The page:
Friday, July 08, 2005

Elevator Book Reviews

I have just begun reading Rolland McCune's new book, Promise Unfulfilled: The Failed Strategy of Modern Evangelicalism. As is my custom, I take my current reading material with me to the Emory food court for my lunch break. In addition to the profitable reading time, this habit forces me to get in a good walk each day since I must trek from my building on the edge of campus to the cafeteria area which is located in the center. When I leave my cubical area for my daily lunch routine, I normally take the elevator to get down from the third floor of our building. Occasionally, a co-worker will get on the elevator with me and engage in normal techno-geek small talk. Today, however, my elevator companion noticed that I was holding a book in my hand and could not help but ask what I was reading.

Emory University began over 100 years ago as a Methodist school. Today, while it still boasts a very liberal school of theology (albeit with a very substantial and useful theological library), the school itself is basically secular, mostly known for its buisness, law, and medical schools. Most employees don't know what to make of the school's religious heritage and are probably happy that Emory plays up diversity more than Reformation Day. I say all that to say that my poor co-worker had absolutely no idea how to respond to Promise Unfulfilled.

You don't have much time to talk on an elevator, so I meekly offered a not-too-helpful, "Its about Evangelicalism and Fundamentalism and the differences between the two." He quickly glanced at the back cover and read some of the comments by Doran and Beale, but frankly, those didn't do anything for him, either. As the elevator doors began to open, he handed the book back to me and said something like, "That's all way over my head...." Feeling sorry for him, I changed the subject to last night's Braves game and asked if he had seen the triumphant major league debut of hometown hero Jeff Francoeur. Thus ended my 30-second elevator review of McCune's book.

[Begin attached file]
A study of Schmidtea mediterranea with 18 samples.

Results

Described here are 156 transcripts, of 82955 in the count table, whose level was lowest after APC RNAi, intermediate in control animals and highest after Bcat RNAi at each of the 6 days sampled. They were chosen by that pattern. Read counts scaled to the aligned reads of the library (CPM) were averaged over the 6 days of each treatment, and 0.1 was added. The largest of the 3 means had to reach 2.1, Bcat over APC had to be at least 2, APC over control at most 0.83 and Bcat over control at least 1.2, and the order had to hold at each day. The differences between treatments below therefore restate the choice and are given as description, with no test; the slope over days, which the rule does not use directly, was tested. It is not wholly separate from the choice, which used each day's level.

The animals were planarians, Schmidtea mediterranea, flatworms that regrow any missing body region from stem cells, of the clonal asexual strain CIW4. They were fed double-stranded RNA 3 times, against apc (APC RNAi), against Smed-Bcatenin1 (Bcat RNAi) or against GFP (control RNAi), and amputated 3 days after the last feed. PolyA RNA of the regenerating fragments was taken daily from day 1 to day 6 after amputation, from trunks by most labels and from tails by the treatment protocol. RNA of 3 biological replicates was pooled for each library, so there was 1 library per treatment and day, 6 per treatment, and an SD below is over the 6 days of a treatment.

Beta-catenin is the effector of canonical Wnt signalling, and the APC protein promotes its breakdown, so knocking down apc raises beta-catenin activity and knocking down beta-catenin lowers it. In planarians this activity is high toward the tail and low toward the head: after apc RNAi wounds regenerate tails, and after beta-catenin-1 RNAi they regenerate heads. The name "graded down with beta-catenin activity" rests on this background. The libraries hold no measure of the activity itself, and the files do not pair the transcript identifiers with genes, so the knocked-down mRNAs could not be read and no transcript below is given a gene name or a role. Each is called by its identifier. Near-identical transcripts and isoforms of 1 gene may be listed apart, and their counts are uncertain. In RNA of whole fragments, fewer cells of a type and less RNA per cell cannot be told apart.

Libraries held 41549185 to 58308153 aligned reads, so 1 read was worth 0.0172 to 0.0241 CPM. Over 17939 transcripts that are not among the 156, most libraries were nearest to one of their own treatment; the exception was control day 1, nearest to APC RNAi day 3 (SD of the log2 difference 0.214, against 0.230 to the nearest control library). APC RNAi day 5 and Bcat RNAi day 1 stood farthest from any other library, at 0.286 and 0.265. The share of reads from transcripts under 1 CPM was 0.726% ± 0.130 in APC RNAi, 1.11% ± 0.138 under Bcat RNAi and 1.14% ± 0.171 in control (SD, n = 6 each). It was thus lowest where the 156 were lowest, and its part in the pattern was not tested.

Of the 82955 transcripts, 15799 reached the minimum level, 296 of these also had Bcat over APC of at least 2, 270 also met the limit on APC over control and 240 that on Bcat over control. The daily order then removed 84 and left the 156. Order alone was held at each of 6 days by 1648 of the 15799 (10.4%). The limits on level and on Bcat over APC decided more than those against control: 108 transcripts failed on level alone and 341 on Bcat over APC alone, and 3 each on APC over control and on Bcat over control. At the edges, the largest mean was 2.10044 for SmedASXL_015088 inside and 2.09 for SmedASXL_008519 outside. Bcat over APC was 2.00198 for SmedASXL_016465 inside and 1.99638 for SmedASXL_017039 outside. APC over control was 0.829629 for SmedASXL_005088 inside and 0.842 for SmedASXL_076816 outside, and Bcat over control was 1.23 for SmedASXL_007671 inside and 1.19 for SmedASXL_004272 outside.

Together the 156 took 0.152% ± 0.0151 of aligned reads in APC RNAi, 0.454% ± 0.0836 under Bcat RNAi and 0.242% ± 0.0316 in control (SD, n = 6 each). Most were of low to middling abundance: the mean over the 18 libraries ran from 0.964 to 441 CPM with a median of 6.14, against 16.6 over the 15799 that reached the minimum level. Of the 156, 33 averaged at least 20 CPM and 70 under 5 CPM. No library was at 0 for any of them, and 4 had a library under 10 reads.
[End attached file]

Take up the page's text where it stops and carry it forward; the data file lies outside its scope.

This incident reminded me of a very similar encounter several months ago, while I was reading a biography of William Tyndale. This time a whole group of co-workers got in the elevator with me and again one of them asked about my book. No one seemed to know who William Tyndale was so I told them that he was responsible for the first English translation of the New Testament from the original Greek, that he was a contemporary of Martin Luther, and had a significant role in the protestant reformation. Emory's library actually has a fairly substantial collection of reformation materials, including several original documents from the hand of Martin Luther. Nevertheless, all this information left them nonplused.

Soon, I will begin Theology in America: Christian thought from the Age of the Puritans to the Civil War. One advantage that I will have if anyone asks me about this book is that it was authored by an Emory University professor, Dr. E. Brooks Holifield. Perhaps I will be able to get an autograph.


At 12:33 PM, Blogger Allen R. Mickle, Jr. said...

So what did you end up thinking about McCune's book? McCune was my theology professor at DBTS and am very interested. God bless.

Allen Mickle

At 4:49 PM, Blogger Andy Efting said...


Thanks for visiting. I thought McCune's book was excellent. As I mention later on in my blog, his book pointed me to presuppositional apologetics for first time. I very much appreciate McCune and his writings. I've never meet him personally but I'm sure he was a great teacher.